The Brief Death and Miraculous Resurrection of the “Texas Observer”

The Brief Death and Miraculous Resurrection of the “Texas Observer”

The Brief Death and Miraculous Resurrection of the Texas Observer

Progressive media is not a “business.” It’s a labor movement.


I am now, still, the editor of the Texas Observer—the state’s 69-year-old progressive flagship magazine. For those of you who have not read John Nichols’s piece about our terrifying near-death experience last week, here’s a quick summary: Two Sundays ago, I got a call from the Texas Tribune informing me that the board had voted to lay off the entire staff and shutter the publication. The workers—one with a baby on the way, another who had just quit a teaching job to become an investigative journalist—had two days’ notice that they would be laid off, and there was no severance pay. We’d run out of money, and no one had given the editors and writers advance notice. Surmising that the generation of Molly Ivins fans had failed to connect with the new “woke” generation of social-justice warriors, the board simply gave up.

As I said on Twitter when things looked grim: This is not a Walmart you can just shut down. The board doesn’t own the Observer. None of us do. It’s an idea in the minds of the readers who love and rely on us. Of the people who work here now. Of everyone who has worked here before. Of anyone who loves justice and fears for the future of Texas and the country.

The staff rose to the occasion and sounded the alarm to our readers. In just 48 hours, we raised the $200,000 we needed to keep operating. Another $150,000 rolled in over the next few days. In total, more than 5,000 small donors—young and old alike—pitched in to save us. The board rescinded the layoffs, and those who voted to shut us down made way for a new, reenergized board. We had our regular editorial meeting Monday morning, and the staff got back to journalism.

For those of us at the helm of progressive media, the question now is the same as it has been since Google and Facebook came along and stole all of our advertising money: How do we sustain a fiercely independent press in the age of the Internet? How do we make sure the Observer is here for another 69 years—and The Nation for another 158?

No one has the exact answer about what “business model” can keep journalists employed so they can hold power to account. For independent media outlets like the Observer, The Nation, The American Prospect, or NPR that aren’t beholden to corporate interests—that do not strive to achieve some mythical “objectivity”—the challenge is different than it is for moneyed institutions like The New York Times or huge conglomerates like Condé Nast. We have a powerful mouthpiece that our readers see as far more than a stack of paper at the doorstep.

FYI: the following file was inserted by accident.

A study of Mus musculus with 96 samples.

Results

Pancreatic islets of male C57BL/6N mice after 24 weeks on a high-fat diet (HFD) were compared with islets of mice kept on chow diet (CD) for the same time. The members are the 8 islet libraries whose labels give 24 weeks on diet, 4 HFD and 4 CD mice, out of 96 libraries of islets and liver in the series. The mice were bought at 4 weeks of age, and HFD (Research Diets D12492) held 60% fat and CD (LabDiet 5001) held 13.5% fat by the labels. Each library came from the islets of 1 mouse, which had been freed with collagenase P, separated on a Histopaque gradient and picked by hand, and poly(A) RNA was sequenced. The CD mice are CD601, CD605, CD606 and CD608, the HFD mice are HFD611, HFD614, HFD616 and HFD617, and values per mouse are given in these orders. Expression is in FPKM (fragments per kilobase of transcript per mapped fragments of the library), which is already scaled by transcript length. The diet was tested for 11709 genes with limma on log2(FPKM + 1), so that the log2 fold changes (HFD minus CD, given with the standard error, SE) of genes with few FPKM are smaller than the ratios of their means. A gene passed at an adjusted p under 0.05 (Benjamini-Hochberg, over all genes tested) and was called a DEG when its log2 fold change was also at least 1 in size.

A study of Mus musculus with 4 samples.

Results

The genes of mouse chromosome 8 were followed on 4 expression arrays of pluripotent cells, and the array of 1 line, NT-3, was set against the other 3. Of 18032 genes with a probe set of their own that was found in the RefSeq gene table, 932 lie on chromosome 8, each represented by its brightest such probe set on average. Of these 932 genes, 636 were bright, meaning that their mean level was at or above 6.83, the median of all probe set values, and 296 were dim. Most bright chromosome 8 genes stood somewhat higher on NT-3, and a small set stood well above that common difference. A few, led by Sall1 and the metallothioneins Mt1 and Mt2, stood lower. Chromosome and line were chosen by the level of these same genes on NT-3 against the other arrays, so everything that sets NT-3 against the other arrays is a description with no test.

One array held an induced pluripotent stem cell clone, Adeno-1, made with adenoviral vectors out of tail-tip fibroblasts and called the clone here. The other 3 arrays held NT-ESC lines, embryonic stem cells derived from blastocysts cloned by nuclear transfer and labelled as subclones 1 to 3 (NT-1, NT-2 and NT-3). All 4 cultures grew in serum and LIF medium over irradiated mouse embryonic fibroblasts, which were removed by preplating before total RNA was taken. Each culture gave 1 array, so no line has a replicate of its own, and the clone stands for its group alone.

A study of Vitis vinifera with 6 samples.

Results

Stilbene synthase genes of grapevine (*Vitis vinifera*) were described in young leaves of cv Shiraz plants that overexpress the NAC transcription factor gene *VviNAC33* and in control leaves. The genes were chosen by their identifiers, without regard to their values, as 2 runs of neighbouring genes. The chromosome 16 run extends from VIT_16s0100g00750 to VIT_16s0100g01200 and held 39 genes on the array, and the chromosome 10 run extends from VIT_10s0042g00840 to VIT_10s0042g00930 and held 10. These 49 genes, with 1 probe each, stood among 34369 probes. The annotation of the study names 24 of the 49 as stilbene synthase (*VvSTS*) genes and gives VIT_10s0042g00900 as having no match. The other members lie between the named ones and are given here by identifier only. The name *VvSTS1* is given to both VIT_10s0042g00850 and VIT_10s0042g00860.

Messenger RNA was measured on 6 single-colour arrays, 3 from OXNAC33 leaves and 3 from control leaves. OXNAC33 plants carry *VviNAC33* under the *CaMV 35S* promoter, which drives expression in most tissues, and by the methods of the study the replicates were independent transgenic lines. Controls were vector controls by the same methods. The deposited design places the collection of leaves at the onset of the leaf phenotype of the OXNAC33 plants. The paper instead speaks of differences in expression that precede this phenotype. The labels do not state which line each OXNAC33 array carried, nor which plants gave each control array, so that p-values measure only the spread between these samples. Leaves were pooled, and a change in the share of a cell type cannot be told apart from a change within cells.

I don’t have all the answers, but it’s obvious that reader communities that care about social justice like The Nation’s and ours are the key. The thing about all this talk about the vaunted “business” of journalism is that for progressive media, our constituency is in it for the cause. Fascism’s shadow now hangs over our democracy, and readers rely on us to expose injustice and speak truth to power. When it comes down to it, they are willing to open their wallets and give what they can because they know the health of our republic depends on it.

The Nation is (technically) a for-profit institution, and we are a nonprofit, but the financial reality is the same. Neither of us generates a profit (I’m told that in a handful of years over the past century and a half The Nation actually did, but it’s hardly a regular occurrence). The sooner those in charge realize that the profit motive will not sustain journalism—that progressive media institutions are a public trust and a civic necessity rather than a traditional business—they will stop running us into the ground. I’ve watched higher-ups screw up publications like ours for 15 years because they don’t love journalism like the readers, editors, and reporters do.

Which isn’t to say we don’t need money, of course.

The real power of the beautiful grassroots movement that saved our magazine is that it signals to larger donors that we are worth investing in. In the wake of our organizing success, a flood of major donors have knocked on our doors asking how they can help. The professional class of lawyers, nonprofit advocates, and development folks ran to our bedside. We now have a generous volunteer who has promised to raise the cost of our operating for another year and to start an endowment. Our old board, which had not a single journalist on it, has been reinvigorated with reporters, labor organizers, nonprofit fundraisers, and activists who understand what we’re about.

But we need everyone. It may be better to have a million people giving $1 each than an heir giving that entire amount, but, practically speaking, we need both.

The best “model” for those of us in progressive media is, in fact, the labor movement. This is not a business—it’s a cause. And the way to keep it going is to do what The Nation has been doing for all these years: Organize. Focus on the workers. Platform and put forward the poor, people of color, queers. Let our values lead the way.

I’ll always be indebted to The Nation for taking a wide-eyed kid and showing me the ropes. I had just quit a PhD in linguistics to pursue journalism, and an older, wiser generation of rabble-rousers showed me how it’s done. We need to keep training and nurturing the next generation because, individually, we get to hold the reins for only a short time, and the moral arc of the universe is long.